Thursday, 27 September 2018

Joy Division - Closer (1980)

A means to an end....


Released in July 1980

Recorded in Islington, London


1. Atrocity Exhibition
2. Isolation
3. Passover
4. Colony
5. A Means To An End
6. Heart And Soul
7. Twenty Four Hours
8. The Eternal
9. Decades                                    

From the jagged, edgy opening of "Atrocity Exhibition", with its addictive drum rhythm and grinding guitar interjections, and the dour, self-explanatory and very atmospheric "Isolation", this is an even more challenging album than their debut from the previous year, "Unknown Pleasures". The group push the "post-punk" boundaries even further into the realms of paranoid introspection. They really were a perplexing, inventive group. Yes there were others with the a similar sound and dour image, but none did it quite so genuinely disturbingly as Joy Division. I have to say that "Atrocity Exhibition", turned up loud, sounds marvellous. Totally infectious.

Tracks like "Passover" are classic examples of the Joy Division sound - pounding, doleful drums, big rumbling bass, mysterious keyboards and quirky vocals. It is one of the album's best cuts.  "Colony" ploughs the same furrow. As also does the ghostly "A Means To An End". It is all pretty unnerving stuff. They sort of re-wrote what "rock" music, whatever you call it, was about. Out in the charts in 1980, there was effervescent, tuneful new wave material, lively, joyful ska, commercial reggae and poppy disco-ish stuff was still around. All of this was a world away from Joy Division. After singer Ian Curtis's untimely death, they regrouped as New Order and continued in the same vein until it was clear they couldn't keep putting out stuff like this and reinvented themselves as an upbeat, positive dance music group, mastering that particular genre. The seeds were sown here, though, just listen to that intoxicating bass line on the beguiling "Heart And Soul" and the metronomic drum sound too. This material influenced  so many subsequent bands, both in the post punk genre and the dance music boom beyond.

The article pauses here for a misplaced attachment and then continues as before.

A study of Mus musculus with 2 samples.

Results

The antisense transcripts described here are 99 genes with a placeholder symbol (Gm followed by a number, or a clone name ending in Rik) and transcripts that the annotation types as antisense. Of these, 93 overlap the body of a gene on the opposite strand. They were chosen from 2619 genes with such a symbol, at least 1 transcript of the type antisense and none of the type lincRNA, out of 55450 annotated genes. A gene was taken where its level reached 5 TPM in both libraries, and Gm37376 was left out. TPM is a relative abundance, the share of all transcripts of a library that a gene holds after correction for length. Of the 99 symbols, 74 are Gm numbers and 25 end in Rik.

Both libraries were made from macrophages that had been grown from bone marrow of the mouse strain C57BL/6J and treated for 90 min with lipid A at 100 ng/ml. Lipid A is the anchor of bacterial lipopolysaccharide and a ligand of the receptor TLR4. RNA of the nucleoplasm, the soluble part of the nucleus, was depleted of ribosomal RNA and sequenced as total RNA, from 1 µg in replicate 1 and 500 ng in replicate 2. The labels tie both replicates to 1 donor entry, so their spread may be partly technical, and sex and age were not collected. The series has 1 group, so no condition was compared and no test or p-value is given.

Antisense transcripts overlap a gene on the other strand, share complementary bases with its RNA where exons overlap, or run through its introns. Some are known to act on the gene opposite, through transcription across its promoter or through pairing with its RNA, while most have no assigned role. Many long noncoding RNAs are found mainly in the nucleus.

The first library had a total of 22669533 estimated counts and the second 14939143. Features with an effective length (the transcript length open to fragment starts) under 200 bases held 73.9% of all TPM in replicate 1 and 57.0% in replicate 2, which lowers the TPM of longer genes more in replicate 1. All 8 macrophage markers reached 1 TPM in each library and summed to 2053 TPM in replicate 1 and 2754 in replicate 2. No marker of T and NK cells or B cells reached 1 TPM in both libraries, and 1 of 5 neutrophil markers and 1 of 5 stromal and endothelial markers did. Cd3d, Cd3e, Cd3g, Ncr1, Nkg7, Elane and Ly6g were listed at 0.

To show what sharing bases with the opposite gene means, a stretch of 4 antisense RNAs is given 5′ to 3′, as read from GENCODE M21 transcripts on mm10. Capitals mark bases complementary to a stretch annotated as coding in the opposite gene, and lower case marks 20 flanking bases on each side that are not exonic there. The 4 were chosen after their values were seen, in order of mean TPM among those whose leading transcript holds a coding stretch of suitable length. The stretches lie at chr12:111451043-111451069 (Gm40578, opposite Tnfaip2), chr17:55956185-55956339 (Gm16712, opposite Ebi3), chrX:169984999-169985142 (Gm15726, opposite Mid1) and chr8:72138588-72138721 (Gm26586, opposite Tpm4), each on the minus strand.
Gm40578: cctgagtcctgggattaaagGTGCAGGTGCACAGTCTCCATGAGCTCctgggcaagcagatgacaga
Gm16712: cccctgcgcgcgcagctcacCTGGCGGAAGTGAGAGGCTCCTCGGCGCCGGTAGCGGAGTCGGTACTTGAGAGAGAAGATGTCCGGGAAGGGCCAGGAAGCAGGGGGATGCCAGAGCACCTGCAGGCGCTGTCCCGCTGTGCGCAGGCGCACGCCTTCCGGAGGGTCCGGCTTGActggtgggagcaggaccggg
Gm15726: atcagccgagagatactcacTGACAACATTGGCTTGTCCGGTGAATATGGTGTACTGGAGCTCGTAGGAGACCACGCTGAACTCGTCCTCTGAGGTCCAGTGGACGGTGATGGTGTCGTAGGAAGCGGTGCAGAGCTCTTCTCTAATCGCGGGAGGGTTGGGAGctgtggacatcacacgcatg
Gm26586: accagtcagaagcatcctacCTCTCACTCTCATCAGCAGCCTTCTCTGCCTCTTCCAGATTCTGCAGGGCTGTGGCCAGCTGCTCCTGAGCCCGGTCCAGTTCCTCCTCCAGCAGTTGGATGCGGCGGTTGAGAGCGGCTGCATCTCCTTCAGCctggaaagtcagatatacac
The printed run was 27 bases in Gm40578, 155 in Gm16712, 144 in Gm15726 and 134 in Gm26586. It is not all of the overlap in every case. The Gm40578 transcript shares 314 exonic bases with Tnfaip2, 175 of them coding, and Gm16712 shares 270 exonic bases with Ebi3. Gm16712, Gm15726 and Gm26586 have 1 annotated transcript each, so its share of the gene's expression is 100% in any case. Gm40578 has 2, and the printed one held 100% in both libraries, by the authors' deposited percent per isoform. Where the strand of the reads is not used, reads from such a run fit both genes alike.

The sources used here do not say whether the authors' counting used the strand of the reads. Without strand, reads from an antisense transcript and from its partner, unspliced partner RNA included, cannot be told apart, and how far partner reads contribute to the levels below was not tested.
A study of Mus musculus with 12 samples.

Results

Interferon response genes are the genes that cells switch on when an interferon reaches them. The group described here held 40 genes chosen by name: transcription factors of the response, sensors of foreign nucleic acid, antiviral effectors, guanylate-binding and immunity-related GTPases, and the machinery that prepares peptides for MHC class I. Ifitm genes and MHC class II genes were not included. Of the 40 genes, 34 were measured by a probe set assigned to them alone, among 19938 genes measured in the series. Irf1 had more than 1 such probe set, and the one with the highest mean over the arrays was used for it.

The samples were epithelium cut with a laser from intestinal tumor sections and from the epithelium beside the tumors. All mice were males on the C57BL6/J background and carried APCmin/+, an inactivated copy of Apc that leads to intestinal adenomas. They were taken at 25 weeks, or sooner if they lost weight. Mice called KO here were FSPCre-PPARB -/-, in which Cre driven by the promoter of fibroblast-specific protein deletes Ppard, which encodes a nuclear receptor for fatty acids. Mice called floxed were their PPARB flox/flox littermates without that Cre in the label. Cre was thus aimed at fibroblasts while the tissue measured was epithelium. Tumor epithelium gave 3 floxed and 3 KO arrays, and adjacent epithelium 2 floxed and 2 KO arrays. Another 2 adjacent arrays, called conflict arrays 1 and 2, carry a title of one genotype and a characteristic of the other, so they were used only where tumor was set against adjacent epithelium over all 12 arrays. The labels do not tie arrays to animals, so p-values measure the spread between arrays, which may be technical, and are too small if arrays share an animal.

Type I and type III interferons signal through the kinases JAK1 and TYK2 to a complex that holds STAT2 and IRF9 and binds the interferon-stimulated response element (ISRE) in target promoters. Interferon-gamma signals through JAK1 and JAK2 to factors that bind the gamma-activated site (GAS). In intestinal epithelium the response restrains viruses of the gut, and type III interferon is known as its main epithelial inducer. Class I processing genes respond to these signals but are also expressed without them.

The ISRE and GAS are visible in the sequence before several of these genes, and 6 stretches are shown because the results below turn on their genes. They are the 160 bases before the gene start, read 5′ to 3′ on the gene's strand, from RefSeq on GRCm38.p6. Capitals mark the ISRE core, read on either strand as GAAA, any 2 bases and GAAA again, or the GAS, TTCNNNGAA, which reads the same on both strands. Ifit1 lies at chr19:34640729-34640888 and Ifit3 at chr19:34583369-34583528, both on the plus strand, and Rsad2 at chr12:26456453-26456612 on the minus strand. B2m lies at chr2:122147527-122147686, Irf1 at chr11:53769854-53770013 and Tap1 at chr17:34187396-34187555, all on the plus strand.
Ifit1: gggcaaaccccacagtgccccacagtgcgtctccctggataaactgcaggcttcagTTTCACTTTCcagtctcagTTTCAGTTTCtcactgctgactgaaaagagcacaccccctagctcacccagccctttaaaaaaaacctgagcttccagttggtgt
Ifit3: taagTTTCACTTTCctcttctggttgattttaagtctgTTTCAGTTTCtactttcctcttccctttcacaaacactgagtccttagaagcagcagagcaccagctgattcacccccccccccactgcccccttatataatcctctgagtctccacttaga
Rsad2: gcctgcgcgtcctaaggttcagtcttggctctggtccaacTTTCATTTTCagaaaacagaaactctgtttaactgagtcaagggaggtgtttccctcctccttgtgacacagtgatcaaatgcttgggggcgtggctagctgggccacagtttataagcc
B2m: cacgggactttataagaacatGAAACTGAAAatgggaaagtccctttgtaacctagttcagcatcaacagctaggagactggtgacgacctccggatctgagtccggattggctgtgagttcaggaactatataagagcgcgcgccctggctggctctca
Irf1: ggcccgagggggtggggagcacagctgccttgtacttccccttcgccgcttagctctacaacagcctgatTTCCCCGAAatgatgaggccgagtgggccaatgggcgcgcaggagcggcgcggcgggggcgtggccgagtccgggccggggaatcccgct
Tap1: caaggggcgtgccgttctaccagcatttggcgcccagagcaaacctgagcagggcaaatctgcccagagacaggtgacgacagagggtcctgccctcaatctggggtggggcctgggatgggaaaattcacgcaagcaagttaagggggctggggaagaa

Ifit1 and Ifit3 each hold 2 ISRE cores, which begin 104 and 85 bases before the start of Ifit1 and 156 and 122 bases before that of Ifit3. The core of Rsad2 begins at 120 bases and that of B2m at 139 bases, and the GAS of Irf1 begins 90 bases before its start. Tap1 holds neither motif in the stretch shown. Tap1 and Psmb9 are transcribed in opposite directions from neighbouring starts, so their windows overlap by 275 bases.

There is more sumptuous, industrial bass on "Twenty Four Hours". Despite being very adventurous in the UK in 1979-80, this is all very much created under the influence of the Krautrock German bands - Kraftwerk, Neu! and Can and, of course, David Bowie's late seventies work, although he never was as gloomy as this. A sombre, insistent track like "The Eternal" is rock noir, if there was such a thing. Deep and dark. The only thing coming close at the time was Talking Heads' "The Overload". "Decades" is very similar. This album, if anything, was even more dour than its predecessor. Beautifully dour, at times, however. Personally I quite like an occasional half hour or so of it. It sort of gets into your system. I wouldn't want to listen to little else, though.

The 2007 remasters of both albums are excellent, too. The bass sound is really highlighted and there is a warmth and depth  to the sound.